Article originally published @ HuskerlandPreps.com, written by Bob Jensen with permission to published on Centura’s website from Bob Jensen.
With four starters back from last year’s 13-win season Centura boys’ basketball is aiming high in 2018, despite some bumps in the road.
Though the Centurions are “only” 7-5 the fact the program would view a winning record as “only” anything is quite an achievement. Not long ago there was a string of four-and-five win seasons on the Centura ledger but the winning has become a familiar friend for the C-2 program.
“This is a close bunch and they could develop into an outstanding basketball squad by the end of the season,” says veteran head coach Dave Oman, who should know what an outstanding basketball squad looks like. Earlier in his career he won a Class A state title at Norfolk, two more at Grand Island. “We don’t have a lot of height (only three players over 6-foot-tall) and we lack depth but this is a team where the players like one another and they are very unselfish.”
Centura has played outstanding basketball much of the season, sometimes even in defeat, as three of its losses have come to 9-4 Adams Central (by 4 points), 13-2 Riverside (by six points), and 12-1 Cozad (by seven points). And it’s a good thing the Centurions have held up against the kind of high caliber competition because more is on the way; next week Centura faces 13-4 St. Paul, 10-2 Fullerton and a 12-2 Ravenna in a span of four days.
“We have our LouPlatte Conference Tournament coming up and it is always loaded and our subdistrict tournament will also be a big challenge with Sutton, St. Cecilia, and Doniphan-Trumbull in it,” says Coach Oman.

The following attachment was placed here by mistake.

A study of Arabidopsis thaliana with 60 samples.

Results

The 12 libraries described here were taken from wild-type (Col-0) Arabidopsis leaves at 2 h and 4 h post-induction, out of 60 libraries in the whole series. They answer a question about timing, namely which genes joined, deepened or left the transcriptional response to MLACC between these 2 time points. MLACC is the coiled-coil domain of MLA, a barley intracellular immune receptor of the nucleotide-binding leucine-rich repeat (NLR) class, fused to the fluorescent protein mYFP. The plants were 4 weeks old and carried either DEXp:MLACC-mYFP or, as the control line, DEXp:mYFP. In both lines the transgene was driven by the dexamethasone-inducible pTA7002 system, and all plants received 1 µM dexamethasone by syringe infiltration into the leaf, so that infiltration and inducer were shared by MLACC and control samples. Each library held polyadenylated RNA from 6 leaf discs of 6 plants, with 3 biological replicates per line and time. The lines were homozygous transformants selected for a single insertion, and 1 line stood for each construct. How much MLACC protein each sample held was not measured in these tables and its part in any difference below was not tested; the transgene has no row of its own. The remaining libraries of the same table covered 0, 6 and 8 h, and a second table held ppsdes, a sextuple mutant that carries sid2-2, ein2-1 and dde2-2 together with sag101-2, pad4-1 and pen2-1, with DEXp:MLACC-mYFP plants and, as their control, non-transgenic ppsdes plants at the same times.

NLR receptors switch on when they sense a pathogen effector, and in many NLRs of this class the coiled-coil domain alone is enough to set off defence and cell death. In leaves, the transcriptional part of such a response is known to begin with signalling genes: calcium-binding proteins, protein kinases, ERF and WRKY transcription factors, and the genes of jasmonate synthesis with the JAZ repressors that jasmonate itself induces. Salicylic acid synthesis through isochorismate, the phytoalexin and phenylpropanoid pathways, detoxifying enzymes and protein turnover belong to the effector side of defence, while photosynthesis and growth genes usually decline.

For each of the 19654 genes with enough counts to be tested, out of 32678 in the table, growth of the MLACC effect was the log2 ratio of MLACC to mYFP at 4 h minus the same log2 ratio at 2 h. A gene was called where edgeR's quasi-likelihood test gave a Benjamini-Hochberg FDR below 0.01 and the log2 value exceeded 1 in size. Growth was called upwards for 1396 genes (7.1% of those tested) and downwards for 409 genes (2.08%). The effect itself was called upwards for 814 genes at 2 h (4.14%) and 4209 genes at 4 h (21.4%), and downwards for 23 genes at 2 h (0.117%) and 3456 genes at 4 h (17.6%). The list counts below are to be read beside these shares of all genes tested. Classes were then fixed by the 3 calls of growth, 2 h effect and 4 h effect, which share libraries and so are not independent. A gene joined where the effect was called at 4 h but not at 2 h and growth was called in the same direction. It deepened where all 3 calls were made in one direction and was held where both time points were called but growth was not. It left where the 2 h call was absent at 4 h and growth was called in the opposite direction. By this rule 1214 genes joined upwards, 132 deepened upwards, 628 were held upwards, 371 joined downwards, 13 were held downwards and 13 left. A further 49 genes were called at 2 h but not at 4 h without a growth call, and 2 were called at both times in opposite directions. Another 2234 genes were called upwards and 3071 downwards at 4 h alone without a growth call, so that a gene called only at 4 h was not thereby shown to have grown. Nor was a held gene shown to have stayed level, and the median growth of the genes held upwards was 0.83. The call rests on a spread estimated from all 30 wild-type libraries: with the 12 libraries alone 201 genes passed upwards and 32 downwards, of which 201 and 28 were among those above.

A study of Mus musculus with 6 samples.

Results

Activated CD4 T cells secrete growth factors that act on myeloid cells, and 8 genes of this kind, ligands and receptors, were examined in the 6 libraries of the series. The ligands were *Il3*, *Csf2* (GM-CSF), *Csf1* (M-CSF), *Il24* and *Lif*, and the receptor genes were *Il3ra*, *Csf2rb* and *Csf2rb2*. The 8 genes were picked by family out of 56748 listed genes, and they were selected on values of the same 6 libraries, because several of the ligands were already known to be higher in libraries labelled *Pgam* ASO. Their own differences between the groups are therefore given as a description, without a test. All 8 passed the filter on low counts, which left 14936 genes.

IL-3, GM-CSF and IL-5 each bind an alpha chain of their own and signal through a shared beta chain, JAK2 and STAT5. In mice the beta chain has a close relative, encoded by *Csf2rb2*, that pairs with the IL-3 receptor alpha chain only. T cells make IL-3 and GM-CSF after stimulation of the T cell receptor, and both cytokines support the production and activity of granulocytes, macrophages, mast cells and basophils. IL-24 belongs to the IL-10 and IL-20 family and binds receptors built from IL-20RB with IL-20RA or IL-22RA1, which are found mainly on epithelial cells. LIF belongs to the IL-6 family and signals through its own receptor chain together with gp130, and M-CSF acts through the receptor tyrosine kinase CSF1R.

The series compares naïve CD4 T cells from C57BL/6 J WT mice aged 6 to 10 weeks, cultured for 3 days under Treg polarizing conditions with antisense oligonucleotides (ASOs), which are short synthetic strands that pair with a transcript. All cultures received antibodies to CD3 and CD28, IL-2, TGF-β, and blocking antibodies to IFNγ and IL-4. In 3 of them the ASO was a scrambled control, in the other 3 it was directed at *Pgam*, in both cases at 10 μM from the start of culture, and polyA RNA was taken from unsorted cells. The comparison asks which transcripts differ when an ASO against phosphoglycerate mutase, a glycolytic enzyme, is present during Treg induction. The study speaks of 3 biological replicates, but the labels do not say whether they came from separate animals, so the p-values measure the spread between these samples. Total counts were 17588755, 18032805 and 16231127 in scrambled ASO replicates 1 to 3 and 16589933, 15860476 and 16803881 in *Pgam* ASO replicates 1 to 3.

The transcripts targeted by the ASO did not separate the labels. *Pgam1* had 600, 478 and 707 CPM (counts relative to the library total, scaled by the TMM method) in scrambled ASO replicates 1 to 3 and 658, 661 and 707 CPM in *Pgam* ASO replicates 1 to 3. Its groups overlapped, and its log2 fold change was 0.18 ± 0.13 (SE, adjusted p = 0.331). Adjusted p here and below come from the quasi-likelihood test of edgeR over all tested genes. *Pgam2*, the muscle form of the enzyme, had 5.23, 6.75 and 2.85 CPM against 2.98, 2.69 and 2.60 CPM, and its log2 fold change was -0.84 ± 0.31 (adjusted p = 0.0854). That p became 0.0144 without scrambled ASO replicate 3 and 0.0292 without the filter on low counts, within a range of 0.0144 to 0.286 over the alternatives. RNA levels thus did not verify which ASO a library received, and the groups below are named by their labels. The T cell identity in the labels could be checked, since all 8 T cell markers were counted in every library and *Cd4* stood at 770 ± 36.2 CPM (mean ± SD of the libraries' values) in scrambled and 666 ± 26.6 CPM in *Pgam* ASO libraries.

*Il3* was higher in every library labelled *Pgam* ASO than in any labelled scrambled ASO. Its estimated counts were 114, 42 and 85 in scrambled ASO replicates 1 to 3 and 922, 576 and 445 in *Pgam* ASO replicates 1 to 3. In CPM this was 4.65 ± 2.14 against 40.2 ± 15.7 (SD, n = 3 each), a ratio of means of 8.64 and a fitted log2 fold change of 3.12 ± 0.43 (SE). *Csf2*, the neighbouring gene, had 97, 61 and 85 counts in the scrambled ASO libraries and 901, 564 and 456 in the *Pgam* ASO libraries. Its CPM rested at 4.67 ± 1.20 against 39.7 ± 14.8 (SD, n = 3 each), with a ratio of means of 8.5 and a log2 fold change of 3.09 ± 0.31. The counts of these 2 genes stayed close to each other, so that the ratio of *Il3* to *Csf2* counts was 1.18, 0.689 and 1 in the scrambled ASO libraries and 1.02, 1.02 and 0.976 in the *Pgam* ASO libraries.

Centura starts two seniors in its lineup, including 6-2 Dawson Caspersen, a returning all-conference player who is averaging 13.6 points and four rebounds per game, and Payton Dowse, a 6-foot-tall guard. 6-3 Ben Oman is the team’s point guard and 6-3 Joe Carey are junior starters, both of them returning second-team all-conference selections. Oman is a versatile sort, averaging 10.4 points and six rebounds per game, leading the team in assists (69), steals (27), and made three-pointers; Carey leads the team in scoring (15.8 ppg), rebounding (10.9 rpg) and blocked shots (21).
Junior Noah Wooden, a 5-10 guard, is averaging 9.5 points per game, is second in assists and steals and leads the team in free throw percentage. Point is, it’s all hands on deck for the Centurions, with everybody pitching in.
“To win at the end of the year you have to have a good balance between your inside game and your perimeter game, ” says Oman. Remember, the guy won three state titles, so listen up. “You also want to be playing good defense and executing your half-court offense, knowing how to play and how to make plays. You also need some luck at the end of the year!”
True, but you do all that other stuff and my guess is you’re making your own luck. And while you are throwing around some good end-of-season luck you could sprinkle some on the Centurions; in the program’s 51 years it has qualified for the state tournament only twice.
“We have a good team with good players at all of starting positions. We can shoot the ball decent and we are getting better defensively,” says Coach Oman. “Our kids have worked hard and they want to make the most of this season, especially when it counts the most.”